Nigerian-Americans look to Obama for more support against Boko Haram terror

AP
Churches, police stations and government buildings are being targeted by Islamist terror group Boko Haram

Nigerian-Americans have welcomed Barack Obama's pledge to help stop terror against Nigerian churches.

The US President used his speech at the annual National Prayer Breakfast in Washington DC to speak up for religious freedom around the world and reiterate his determination to stamp out terrorism.

He also restated the resolve of the US government to support the Nigerian people in the ongoing effort to end terrorism.

"I've pledged our support to the people of Nigeria, who deserve to worship in their churches and mosques in peace, free from terror," Obama said.

The US State Department recently designated Boko Haram a Foreign Terrorist Organisation. The Islamist militant group has waged a campaign of violence and death against government institutions and churches, killing thousands. Targets have also included Muslims who have opposed them.

There have been news reports that the US military are going to train Nigerian forces in the effort to properly combat terror groups in the country and in the West African region.

Christian Association of Nigerian-Americans, CANAN, welcomed the continued focus of the US government and the support of President Obama against Boko Haram.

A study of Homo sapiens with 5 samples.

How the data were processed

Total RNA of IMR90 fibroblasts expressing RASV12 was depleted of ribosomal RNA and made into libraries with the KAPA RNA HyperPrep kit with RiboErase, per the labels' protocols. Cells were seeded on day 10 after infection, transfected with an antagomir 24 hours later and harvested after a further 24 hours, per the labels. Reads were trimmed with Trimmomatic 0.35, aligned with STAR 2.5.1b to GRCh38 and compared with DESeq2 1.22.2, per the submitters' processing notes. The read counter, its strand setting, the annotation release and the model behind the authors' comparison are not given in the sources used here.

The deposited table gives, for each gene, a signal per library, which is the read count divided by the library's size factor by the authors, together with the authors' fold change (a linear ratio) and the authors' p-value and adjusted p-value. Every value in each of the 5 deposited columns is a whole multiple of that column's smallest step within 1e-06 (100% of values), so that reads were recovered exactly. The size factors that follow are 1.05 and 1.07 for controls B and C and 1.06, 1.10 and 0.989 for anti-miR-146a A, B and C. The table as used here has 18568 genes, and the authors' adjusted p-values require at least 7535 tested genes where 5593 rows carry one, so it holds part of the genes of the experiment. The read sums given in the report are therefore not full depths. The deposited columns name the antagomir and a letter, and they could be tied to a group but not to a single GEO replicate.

"It is our hope and expectation that with the active support of the US government, including through the implementation of the FTO designation of the terror groups, Nigerian Christians and others would heave a huge sigh of relief from the brutal and ruthless violence that is being perpetrated by extreme Jihadist fundamentalists and terrorists," the group said.

"We call for greater and increasing support from the US government especially in the area of going after terror king pins within the context of the FTO, and also supporting the ongoing operations of the Nigerian military to end the carnage in northeastern Nigeria."

In addition to condemning terrorism, Obama said in his speech it was "clear that around the world freedom of religion is under threat".